Honouring our veterans outside of planned observances

The Australian War Memorial. Pictures: Tony Pisani 

Across the world, countries set aside days to honour the women and men who serve in the military. But we can also find ways to recognise their sacrifice every day.

On April 25, Australia and New Zealand observe Anzac Day in honour of all those who have served in the armed forces, a tradition that has its origins in the commemoration of the soldiers who tragically lost their lives at Gallipoli during the First World War. 

New research conducted in Australia for the Royal Commission into Defence and Veteran Suicide estimates that one serving or ex-serving Australian Defence Force member has suicide-related contact with emergency services every four hours across Australia.

In the United States, there were 6042 suicide deaths among Veteran men and 350 suicide deaths among Veteran women in 2021, according to a report released late last year by the US Department of Veteran Affairs. 

Those who have served in the military, particularly for a long time, have experienced a lifestyle that is very different from that of the civilian world, from the language they use to the way they dress and carry themselves. 

For those working in suicide prevention, it can be helpful to make the effort to learn more about Veterans and to develop a helpful list of resources.

Veterans are more likely to connect with another person who has served, so it is important to acknowledge their context and empower them to advocate for their specific needs.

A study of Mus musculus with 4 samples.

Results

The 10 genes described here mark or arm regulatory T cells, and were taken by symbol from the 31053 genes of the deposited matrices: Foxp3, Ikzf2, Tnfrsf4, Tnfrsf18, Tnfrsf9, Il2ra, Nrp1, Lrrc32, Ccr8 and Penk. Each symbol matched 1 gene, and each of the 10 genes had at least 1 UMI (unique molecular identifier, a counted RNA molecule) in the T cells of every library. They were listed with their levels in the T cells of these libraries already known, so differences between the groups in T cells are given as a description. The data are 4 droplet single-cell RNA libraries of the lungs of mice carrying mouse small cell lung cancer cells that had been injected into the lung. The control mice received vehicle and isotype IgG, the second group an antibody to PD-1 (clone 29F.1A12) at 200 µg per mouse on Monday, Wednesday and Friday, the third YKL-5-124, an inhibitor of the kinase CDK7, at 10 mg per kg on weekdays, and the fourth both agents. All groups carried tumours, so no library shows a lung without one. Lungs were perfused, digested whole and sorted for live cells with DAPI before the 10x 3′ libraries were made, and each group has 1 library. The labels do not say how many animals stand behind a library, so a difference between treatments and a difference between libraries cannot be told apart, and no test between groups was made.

You could try saying:

“While I do not personally have military service experience, I am committed to helping you feel better, and part of that is helping you connect to the right resources. We can work together to identify specific organisations or programs for those who have served.”

SafeSide Prevention offers our deepest gratitude to those who have and continue to serve. 

SafeSide Prevention acknowledges the Traditional Custodians of the lands on which we live and work. We recognise and respect that Aboriginal and Torres Strait Islander People are the First Peoples and Traditional Custodians of this country. We pay our respects to Elders past, present and emerging and extend that respect to all Aboriginal and Torres Strait Islander Peoples

Acknowledgement of Lived Experience
We acknowledge the lived experience of those with suicide and mental illness, their families and carers. Their preferences, wishes, needs, and aspirations are at the heart of all the work we do.